The province of Phuket is getting ready to roll out its own vaccination program independently of the national government. On Thursday, the provincial government held a vaccination rehearsal at the Vachira Hospital that was attended by top health officials in the region and province.
The rehearsal was attended by Dr. Pitakpol Bunyamalik, an Inspector General of the Ministry of Public Health’s Region 11 office, as well as Dr. Apichat Romsom from the same office. Phuket Vice Governor Pichet Panapong was also present to observe the procedures.
Phuket had previously announced that it was receiving 4,000 doses from the 376,000 doses that the government has stockpiled from both AstraZeneca and Sinovac. The province’s administration had said that it, together with Chon Buri, Surat Thani and Chiang Mai, is going to be receiving this allocation because of its significance to the country’s economy.
Dr. Chalermpong Sukontapol, director of the Vachira Phuket Hospital, said that the province will be receiving the 4,000 doses by end of this month.
Vice Governor Phichet also said that Phuket is to receive 16,000 and 48,000 doses in April and May, when Sinovac delivers the second and third batches of the government’s 2-million order.
“The government… has allocated the COVID-19 vaccine to Phuket Province to build herd immunity, restore the economy, return a smile to Thailand,” the Vice Governor had said earlier this week.
He added that the provincial government’s efforts are meant to make people in the province confident that they will be safe as they receive the vaccine. He also said that the government will set up a system that will allow it to render follow-up care with recipients after they have been inoculated with the jab.
Vice Governor Phichet laid out the order in which the vaccine will be distributed according to priority.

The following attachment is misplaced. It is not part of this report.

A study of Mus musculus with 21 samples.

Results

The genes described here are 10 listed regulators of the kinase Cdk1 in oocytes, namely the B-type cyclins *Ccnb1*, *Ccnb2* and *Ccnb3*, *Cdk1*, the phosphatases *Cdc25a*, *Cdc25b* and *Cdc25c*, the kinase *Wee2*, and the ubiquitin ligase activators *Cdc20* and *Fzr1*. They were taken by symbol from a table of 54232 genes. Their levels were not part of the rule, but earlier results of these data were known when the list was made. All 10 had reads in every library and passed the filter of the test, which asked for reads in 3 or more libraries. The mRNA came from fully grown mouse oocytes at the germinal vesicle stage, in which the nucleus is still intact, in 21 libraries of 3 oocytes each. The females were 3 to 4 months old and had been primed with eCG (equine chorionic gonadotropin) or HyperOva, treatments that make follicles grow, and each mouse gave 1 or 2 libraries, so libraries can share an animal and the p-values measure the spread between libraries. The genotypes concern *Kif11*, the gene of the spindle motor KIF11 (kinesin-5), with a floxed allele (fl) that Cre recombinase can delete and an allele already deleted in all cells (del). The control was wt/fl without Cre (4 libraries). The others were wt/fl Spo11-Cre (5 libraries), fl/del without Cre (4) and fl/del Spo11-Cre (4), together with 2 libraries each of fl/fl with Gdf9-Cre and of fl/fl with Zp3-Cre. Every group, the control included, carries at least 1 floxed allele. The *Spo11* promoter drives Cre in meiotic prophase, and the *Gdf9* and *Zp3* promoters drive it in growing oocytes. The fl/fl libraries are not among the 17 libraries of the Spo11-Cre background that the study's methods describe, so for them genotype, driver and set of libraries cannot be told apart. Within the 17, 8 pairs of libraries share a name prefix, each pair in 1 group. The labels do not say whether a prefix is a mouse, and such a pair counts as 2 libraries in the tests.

The first recipients, he said, will be personnel working in the medical and public health sectors. Afterwards, front liners who interact with the general public will be inoculated with the vaccine to reduce their risk of infection from their line of work.
The next group of people to receive the vaccines will be those who are aged 18-59 years old, as well as people with underlying conditions like chronic respiratory disease, heart diseases, renal diseases, cerebrovascular diseases, cancer, diabetes and obesity.
When asked how the government will determine the recipients from these groups, Vice Governor Phichet said that physicians will browse through databases maintained by hospitals and find the ideal recipients.
He warned people with neurological conditions and pregnant women about taking the vaccine, telling them to be wary of the jab. He also extended the same warning to lactating women and people whose immune systems have been compromised.
Vice Governor Phichet said that recipients of the Sinovac shot will have a follow-up inoculation after 2-4 weeks. On the other hand, those selected for the AstraZeneca vaccine will be given their second shot after 10-12 weeks.
In addition, after their first shot, the government will be following up on the recipients to determine if they have allergic reactions to the vaccine. Follow-ups will be undertaken after one day, seven days and a month after the vaccination date.